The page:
Five French-built multi-role Rafale aircraft touched down at the Indian Air Force (IAF)’s Ambala station on Wednesday, opening a new chapter in India’s military aviation history and bolstering India’s defence capabilities.
The Rafales’ landing in India on Wednesday comes almost four years after India signed an agreement with France to procure 36 jets under a ₹59,000-crore deal. It also comes 23 years after India inducted the Russian designed Sukhoi aircraft and 19 years after India first started its search for a state of the art fighter jet to replace the MiG-21 squadrons decommissioned over the years.
The aircrafts’ landing in India coincides with India’s ties with China have frayed due to tensions along the border and the Indian military being vary of the possibility of a two front war with China and Pakistan. It also comes at a time when India is looking to emerge from the economic aftereffects of a stringent lockdown in April-May by attracting investors and firms looking to decouple their supply chains from China. Despite the lockdown and associated uncertainties, India managed to draw almost $ 20 billion in investments and pledges between April-July – in what is seen as a vote of confidence in the Indian economy.
“The Birds have landed safely in Ambala. The touchdown of Rafale combat aircrafts in India marks the beginning of a new era in our military history. These multirole aircrafts will revolutionise the capabilities of the @IAF_MCC," Defence Minister Rajnath Singh said in a Twitter post shortly after the first Rafale touched down at Ambala.
“I am extremely happy that IAF’s combat capability has got a timely boost," he said in a second post. In a not so subtle warning to Pakistan and China, the minister said:"I would like to add, if it is anyone who should be worried about or critical about this new capability of the Indian Air Force, it should be those who want to threaten our territorial integrity."
“This aircraft has very good flying performance and its weapons, radar and other sensors and electronic warfare capabilities are amongst the best in the world. Its arrival in India will make the IAF much stronger to deter any threat that may be posed to our country," Singh added.
Prime Minister Narendra Modi also welcomed the arrival of the Rafales on Wednesday.
The five jets include two twin seater trainer aircraft and three single seat aircraft. Besides Ambala, where the deployment of the Rafales is seen as a counter to the threat posed by Pakistan, a second squadron is to be stationed at the Hashimara in West Bengal to take on the threat from China.
With tensions on the border with China running high, the IAF is looking at integrating the Rafales with India’s existing air defence systems as quickly as possible. In a move to ensure speedy integration, the IAF has opted for the French HAMMER air-to-ground precision-guided weapon system. The jets come armed with the beyond visual range (BVR) air-to-air Meteor missile and 13 India specific enhancements – with the IAF billing it as a “gamechanger."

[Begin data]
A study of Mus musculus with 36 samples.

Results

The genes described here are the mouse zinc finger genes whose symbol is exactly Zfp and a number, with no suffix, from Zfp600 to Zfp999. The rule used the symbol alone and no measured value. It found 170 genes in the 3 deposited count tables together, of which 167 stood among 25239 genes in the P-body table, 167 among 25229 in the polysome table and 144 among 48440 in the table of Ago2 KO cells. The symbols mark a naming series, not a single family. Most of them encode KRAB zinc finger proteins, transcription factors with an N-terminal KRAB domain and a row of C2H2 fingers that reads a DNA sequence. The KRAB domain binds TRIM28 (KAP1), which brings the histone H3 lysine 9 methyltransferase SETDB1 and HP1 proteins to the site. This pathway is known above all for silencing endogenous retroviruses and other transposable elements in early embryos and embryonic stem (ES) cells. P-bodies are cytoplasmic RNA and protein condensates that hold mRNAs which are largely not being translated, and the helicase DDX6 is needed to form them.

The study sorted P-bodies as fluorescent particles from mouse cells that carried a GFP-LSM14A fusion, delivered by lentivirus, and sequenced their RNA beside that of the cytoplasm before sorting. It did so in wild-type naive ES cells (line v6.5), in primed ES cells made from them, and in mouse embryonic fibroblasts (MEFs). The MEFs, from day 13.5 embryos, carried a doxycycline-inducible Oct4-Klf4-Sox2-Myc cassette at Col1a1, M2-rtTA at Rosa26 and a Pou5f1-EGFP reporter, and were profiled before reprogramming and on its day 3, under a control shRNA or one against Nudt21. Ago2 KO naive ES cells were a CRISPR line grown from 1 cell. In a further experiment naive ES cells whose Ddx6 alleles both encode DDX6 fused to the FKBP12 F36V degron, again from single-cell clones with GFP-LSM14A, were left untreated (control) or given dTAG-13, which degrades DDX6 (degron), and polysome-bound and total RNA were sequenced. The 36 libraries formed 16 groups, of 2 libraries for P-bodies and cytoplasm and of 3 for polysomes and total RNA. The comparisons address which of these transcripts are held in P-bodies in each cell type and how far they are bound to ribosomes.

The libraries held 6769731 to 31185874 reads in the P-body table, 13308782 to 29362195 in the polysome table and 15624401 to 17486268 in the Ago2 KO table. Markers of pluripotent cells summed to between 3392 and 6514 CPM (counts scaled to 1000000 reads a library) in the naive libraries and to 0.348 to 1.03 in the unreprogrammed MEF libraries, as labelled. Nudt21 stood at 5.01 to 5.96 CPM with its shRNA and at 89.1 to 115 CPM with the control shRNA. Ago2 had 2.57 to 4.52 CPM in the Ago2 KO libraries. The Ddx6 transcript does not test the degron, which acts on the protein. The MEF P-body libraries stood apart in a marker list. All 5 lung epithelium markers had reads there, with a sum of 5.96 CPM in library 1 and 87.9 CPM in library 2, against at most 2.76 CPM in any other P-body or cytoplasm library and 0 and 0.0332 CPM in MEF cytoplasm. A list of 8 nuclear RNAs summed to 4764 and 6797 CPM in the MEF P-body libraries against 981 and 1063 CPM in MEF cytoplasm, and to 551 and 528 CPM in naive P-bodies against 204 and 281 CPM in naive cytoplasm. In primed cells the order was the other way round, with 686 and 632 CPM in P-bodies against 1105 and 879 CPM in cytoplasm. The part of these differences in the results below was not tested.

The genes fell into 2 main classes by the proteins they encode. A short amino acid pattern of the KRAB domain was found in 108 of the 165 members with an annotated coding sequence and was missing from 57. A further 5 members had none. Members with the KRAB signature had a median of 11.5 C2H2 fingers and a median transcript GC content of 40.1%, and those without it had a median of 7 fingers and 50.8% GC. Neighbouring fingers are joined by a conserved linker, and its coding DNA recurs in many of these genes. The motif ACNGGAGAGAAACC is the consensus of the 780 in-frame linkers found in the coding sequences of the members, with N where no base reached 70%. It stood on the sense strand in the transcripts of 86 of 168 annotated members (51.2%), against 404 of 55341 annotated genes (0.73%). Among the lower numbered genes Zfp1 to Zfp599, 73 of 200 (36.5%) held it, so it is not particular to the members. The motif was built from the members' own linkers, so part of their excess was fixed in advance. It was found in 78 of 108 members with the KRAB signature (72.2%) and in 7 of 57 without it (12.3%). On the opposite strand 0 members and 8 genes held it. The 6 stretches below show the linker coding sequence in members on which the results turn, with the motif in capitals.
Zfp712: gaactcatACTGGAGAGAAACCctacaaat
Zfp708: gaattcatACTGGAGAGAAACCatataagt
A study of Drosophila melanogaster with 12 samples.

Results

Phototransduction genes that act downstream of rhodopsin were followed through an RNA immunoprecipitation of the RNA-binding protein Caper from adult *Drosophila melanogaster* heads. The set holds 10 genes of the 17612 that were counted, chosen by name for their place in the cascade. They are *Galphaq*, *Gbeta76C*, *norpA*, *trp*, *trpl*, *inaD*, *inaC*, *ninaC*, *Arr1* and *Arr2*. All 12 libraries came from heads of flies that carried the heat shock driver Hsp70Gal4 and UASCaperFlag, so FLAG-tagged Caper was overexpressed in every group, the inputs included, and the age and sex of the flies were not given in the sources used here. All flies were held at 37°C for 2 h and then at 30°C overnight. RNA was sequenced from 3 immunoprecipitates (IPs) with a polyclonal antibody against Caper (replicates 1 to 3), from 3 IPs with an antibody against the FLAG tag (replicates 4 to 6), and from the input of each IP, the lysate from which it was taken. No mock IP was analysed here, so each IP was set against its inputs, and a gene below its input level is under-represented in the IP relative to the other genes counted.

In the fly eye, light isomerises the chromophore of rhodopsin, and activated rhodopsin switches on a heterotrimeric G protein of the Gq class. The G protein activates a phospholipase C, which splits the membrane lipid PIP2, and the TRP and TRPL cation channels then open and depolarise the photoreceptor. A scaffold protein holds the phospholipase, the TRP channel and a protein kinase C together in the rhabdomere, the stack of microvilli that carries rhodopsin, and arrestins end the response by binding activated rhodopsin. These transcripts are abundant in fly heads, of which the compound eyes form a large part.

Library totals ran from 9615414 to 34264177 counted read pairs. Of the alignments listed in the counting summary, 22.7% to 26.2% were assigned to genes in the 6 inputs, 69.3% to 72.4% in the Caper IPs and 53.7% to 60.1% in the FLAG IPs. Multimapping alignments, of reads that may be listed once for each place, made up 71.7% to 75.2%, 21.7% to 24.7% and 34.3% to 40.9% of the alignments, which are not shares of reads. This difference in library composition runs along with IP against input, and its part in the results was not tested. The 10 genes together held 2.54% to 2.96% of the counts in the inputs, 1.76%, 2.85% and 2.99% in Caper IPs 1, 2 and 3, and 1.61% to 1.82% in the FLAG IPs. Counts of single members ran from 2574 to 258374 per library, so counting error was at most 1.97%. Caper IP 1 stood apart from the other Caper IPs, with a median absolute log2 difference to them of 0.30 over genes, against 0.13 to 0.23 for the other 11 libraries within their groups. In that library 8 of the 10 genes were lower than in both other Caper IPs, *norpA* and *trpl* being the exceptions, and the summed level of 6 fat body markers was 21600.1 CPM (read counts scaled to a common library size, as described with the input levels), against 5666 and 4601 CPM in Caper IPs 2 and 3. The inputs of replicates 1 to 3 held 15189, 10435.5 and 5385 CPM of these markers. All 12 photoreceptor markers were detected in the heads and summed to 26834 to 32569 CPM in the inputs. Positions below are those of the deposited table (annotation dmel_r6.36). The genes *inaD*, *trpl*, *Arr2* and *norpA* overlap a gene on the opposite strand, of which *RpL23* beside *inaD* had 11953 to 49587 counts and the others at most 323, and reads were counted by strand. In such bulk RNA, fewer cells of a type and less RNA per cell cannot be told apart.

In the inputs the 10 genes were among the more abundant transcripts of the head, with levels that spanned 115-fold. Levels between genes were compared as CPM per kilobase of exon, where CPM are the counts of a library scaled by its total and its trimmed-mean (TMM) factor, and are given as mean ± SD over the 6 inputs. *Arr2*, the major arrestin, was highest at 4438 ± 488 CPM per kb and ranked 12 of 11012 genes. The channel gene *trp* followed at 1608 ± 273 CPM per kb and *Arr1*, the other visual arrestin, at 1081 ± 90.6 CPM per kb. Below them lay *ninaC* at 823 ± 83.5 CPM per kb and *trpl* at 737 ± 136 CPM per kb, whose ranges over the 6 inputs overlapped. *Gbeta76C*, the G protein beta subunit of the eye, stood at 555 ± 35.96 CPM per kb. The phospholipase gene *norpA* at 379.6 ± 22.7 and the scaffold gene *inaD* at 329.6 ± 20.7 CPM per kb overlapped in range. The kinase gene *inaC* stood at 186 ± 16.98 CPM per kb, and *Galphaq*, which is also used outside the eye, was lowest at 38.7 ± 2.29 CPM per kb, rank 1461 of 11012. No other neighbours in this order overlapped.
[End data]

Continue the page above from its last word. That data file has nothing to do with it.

With the Mig-27s decommissioned last year, he IAF is already down to just over 30 squadrons, far less than the sanctioned 42 required for a two-front war against Pakistan and China. Most of the jets in Pakistan’s inventory comprise US-made F-16s besides some Chinese-made JF-17s. China’s People’s Liberation Army Air Force has over 600 fourth generation and fourth generation-plus jets. China is also developing the fifth generation J-20 in competition with the US’s fifth-generation fighter jets such as F-22 and F-35 made by Lockheed Martin Corp.
“For each of Pakistan’s F-16 in the air, India has had to deploy two Sukhois," said a person familiar with the matter, pointing to the F-16s superior radar and armaments like the beyond visual range air to air missiles. With the Rafales added to the Indian inventory, the equation changes in India’s favour, the person said adding “to match one Rafale in the air, Pakistan will have to scramble two F-16s."
Manmohan Bahadur, a former IAF air vice marshal, and who is currently additional director general at New Delhi-based Centre for Air Power Studies think tank, rated the Rafales as “many leagues better than the F-16s and the JF-17s in terms of range, armaments and electronic warfare capability."
Together with the S-400 system that India is buying from Russia, it is predicted to provide India with a major strategic edge in air defence capabilities.
The acquisition of the Rafale underscores India’s commitment to defence modernization," said Harsh Pant, a professor of international relations at the London-based King’s College. “For many outsiders, India’s defence policy is ad-hoc and causes domestic political bickering," he said. That the acquisition happened, shows the Modi government’s resolve to buy assets critical to national security and that it is willing to take political risks on this score, he said. Noting that Pakistan’s response to the Balakot air strike by India in February last year had shown India’s vulnerabilities in terms of numbers and quality of fighter aircraft, Pant said that technology especially air power needed to be cutting edge. In that sense, “the Rafales are a harbinger of modernization," he added.